Life as a Lomosapien: Simulating a Sense of Movement


There are many things I love about photography, one of which has to be capturing movement within a photograph. The idea of creating movement in what is essentially a still picture is fascinating and I love to use it in my own work, especially in my long exposure shots.

With the ever increasing number of people becoming fans of Lomography there has been a huge increase of fantastic blurry imagery finding its way onto the internet. With their limited aperture settings, Lomo camera’s can produce great results when capturing movement, so why not take advantage of this and create yourself some movement with your Lomo camera!

Blurry, fuzzy and hazy detail in a photo coincides with the eye’s impression of movement. When photographing you must use certain methods to simulate this movement to create a convincing picture. Camera movement during a long exposure is a great technique, as an example, study the photo above. This technique can be achieved by moving your camera towards a stationary object while you hold the shutter button down, or by twisting a zoom lens while taking a photo. In this particular photo I parked my camper van with the lights left on, I then set my SLR camera up on a tripod, zoomed the lens right out, then twisted the lens to zoom in while taking a 1 second exposure. This creates a blurry streaky image and the van appears to be moving. To add to the idea of movement I have used an out of date Kodak Max 400 film to give a grainier hazy feel to the picture.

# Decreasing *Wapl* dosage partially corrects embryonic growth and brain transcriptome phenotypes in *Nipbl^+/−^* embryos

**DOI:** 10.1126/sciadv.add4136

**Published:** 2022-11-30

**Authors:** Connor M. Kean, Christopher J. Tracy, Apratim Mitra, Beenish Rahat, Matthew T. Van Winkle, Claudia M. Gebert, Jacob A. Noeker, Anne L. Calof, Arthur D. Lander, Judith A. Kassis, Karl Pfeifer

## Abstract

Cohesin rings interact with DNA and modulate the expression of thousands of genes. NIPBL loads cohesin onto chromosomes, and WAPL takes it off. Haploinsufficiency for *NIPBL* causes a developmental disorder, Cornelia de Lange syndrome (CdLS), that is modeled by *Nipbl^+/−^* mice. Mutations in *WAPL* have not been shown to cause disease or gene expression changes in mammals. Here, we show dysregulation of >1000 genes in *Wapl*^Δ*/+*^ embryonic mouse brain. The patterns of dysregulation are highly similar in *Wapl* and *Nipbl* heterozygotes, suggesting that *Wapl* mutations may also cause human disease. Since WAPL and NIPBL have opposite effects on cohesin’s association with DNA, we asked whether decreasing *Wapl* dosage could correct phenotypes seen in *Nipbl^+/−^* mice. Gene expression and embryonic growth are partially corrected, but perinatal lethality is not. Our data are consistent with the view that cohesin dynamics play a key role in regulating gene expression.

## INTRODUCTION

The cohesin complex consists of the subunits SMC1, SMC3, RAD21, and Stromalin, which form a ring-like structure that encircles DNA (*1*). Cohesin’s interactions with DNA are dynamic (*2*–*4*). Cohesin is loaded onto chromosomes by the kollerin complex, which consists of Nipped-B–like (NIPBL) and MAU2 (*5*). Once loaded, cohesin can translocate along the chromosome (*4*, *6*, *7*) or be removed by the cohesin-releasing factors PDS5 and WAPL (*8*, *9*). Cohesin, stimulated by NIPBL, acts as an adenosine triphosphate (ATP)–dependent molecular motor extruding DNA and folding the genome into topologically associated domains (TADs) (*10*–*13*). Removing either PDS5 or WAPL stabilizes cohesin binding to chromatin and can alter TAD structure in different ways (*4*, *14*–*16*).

There are other ways of suggesting movement when shooting; you could for example try to photograph actual moving objects, like traffic or sports players. If you do use this technique, try to follow the moving subject with your camera while you take the shot, this will create a blurred background behind the moving object. You could also try overlapping images with a multiple exposure, for example, take a side profile picture of a stationary car, frame the car on one side of the photo, then take a series of exposures, each time changing the position of the car in the composition. Moving the car from one side of the photo to the other will simulate a sense of movement.

These are all just a few techniques I have used myself, so I would be interested to hear if you have any tips for capturing movement.

What techniques have you used? Have you accidentally captured movement in one of your analogue photographs without realizing? If so, please share your thoughts with a comment below!

Danny Wood is the frontman of a punk rock band called The Panicstruck, he also works as a Web Designer, is a keen Lomographer and runs his own Analogue Photography Blog.

written by dannyjwood on 2011-03-16 #lifestyle #analogue #column #lomosapien #panicstruck #danny-wood


  1. superlighter
    superlighter ·

    my first experience was with my LCA, the first night out at a theater shooting a dance company, the stage was dark and the dancers was all white dressed so you can imagine using the camera in Automatic the expoosure time was long enought to capture the dancers large movement, results? big white waves in the dark.

  2. metalhead_nl
    metalhead_nl ·

    Nice tips! Try using a flash with long exposure. This will effect in freezing things in the range of your flash. See for example, the head (left of center):

  3. dannyjwood
    dannyjwood ·

    Great tip! really like that shot metalhead!